September 08, 2012|By DON AINES | dona@herald-mail.com
  • Union officer leads his troops Saturday during battle with Rebel forces at "Maryland, My Maryland" Civil War re-enactment in Boonsboro.
By Kevin G. Gilbert/Staff Photographer

BOONSBORO, Md. — The thunder of cannons and muskets had some competition from the real thing Saturday, but following an afternoon downpour, Union and Confederate forces squared off in a re-enactment of the Battle of Fox’s Gap.

More than 4,000 re-enactors took to the field at Boonsboro Town Farm for “Maryland, My Maryland,” a commemoration of the battles of South Mountain and Antietam 150 years ago.

Spectators got to see the sights, sounds and smells of 19th-century warfare. Ranks of soldiers disappeared behind a fog of gray, sulfurous gunsmoke with each volley, and artillery pieces belched clouds of smoke and ear-splitting reports.

It would be hard to imagine a scene where more than 100,000 troops faced each other as they did at Antietam on Sept. 17, 1862, but visitors still found Saturday’s sight impressive.

“This is very good. Very good indeed,” said Michael Gillham of Peterborough, England. He was there with his wife, Jill, his brother, Steve, and Steve’s wife, Pippa.

“We had a civil war and wanted to see how yours compared to ours,” Steve said.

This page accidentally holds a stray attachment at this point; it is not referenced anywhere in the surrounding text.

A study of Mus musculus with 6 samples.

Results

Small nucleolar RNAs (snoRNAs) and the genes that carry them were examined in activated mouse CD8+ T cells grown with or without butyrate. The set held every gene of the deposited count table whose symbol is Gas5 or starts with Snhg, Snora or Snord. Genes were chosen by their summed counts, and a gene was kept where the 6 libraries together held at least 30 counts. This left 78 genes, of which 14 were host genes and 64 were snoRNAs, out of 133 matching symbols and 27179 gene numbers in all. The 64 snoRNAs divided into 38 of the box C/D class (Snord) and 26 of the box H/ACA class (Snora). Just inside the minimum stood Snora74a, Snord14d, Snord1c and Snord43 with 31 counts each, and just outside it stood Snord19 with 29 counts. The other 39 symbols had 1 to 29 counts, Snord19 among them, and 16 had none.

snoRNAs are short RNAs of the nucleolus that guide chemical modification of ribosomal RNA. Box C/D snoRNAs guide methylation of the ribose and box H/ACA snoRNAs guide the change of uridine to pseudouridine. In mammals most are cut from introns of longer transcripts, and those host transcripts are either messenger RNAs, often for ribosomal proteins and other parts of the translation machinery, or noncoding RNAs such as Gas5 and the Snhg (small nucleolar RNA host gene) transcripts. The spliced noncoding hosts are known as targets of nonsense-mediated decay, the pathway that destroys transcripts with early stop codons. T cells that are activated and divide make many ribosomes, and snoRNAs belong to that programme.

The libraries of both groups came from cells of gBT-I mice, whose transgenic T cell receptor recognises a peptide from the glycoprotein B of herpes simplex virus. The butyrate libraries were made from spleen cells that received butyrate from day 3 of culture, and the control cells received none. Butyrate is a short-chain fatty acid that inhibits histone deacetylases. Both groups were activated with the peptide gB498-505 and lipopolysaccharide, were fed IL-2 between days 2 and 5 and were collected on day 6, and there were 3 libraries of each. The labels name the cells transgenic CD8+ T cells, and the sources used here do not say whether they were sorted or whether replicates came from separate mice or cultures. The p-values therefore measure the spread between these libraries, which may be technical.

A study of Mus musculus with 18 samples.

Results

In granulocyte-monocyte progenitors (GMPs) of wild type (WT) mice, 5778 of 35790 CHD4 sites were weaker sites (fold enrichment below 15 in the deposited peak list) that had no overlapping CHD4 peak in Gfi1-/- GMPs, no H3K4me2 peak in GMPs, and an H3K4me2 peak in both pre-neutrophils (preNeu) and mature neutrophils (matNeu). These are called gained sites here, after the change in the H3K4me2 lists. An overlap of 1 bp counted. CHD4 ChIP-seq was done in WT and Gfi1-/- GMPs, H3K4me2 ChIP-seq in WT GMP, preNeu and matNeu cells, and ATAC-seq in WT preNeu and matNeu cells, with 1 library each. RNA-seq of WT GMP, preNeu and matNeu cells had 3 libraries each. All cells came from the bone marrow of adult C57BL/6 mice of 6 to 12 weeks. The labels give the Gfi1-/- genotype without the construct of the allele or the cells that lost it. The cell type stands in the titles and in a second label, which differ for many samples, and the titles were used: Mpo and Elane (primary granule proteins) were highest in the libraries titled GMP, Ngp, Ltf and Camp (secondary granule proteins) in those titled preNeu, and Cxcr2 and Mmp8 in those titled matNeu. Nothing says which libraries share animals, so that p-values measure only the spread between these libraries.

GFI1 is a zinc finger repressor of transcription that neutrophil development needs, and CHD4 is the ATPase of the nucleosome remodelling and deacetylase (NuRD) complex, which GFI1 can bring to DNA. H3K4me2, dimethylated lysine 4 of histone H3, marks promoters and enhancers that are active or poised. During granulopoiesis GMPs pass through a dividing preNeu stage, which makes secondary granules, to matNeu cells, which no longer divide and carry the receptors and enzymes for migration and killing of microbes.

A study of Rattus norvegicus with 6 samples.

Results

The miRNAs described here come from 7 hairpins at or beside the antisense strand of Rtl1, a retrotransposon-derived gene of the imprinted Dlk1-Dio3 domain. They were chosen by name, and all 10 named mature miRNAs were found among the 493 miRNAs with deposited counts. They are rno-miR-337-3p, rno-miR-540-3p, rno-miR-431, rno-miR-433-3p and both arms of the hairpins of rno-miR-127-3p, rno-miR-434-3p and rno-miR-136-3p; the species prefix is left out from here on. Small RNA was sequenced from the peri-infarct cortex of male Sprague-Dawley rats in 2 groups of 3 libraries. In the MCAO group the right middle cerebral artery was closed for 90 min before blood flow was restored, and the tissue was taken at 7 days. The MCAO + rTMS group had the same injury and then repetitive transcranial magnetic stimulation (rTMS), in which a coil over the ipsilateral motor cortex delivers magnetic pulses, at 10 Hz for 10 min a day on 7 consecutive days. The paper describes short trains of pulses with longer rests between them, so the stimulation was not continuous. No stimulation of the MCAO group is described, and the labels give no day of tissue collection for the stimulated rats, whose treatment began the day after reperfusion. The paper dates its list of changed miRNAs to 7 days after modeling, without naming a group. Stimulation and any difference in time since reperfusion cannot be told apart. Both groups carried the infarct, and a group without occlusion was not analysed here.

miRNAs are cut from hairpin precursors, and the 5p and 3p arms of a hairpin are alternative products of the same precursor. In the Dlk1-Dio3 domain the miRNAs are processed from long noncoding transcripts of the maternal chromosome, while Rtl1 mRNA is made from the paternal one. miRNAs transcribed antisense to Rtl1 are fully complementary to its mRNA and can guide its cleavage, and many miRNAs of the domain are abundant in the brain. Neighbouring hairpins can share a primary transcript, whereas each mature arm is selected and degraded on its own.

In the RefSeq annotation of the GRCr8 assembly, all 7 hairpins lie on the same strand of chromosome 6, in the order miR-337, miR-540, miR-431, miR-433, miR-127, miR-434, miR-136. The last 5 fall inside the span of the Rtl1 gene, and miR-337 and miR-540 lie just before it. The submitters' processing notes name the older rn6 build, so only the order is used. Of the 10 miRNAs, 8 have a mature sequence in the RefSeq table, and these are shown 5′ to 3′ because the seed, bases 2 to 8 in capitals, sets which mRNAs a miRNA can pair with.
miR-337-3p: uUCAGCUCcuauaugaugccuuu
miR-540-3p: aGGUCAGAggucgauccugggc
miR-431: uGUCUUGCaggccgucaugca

Their war was between the Parliamentarian Roundheads and the Royalist Cavaliers. The Gillhams noted that Great Britain has its own re-enactors, a group known as The Sealed Knot, which stages battles from their civil war, the War of the Roses and other conflicts.

The Gillhams invade the United States each year to see a different part of the country.

“This time, we come in peace,” Michael Gillham said.

While the Gillhams were spectators, some foreigners came for the fight.

“We have participants from all over the world,” including two who came from Australia, event manager Douglas Dobbs said. There were re-enactors from Germany, France and England as well as from across the United States, he said.

In all, the number exceeded 4,900, including those in period civilian garb, Dobbs said.

Many of the re-enactors were to spend the night in tents, but Thomas B. Riford, president and chief executive officer of the Hagerstown-Washington County Convention and Visitors Bureau, said their families and other visitors were filling up the county’s hotel rooms. Many hotels are sold out for the next two weeks for events at Antietam on Sept. 15-16 and the Wings and Wheels Airshow the weekend of Sept. 22-23, he said.

“Maryland, My Maryland” also drew three documentary film crews, including one contracted by the Smithsonian Institution, Riford said.

Yankees and Rebels will take the field again Sunday, this time for a re-creation of a noon re-enactment of the Battle of Antietam.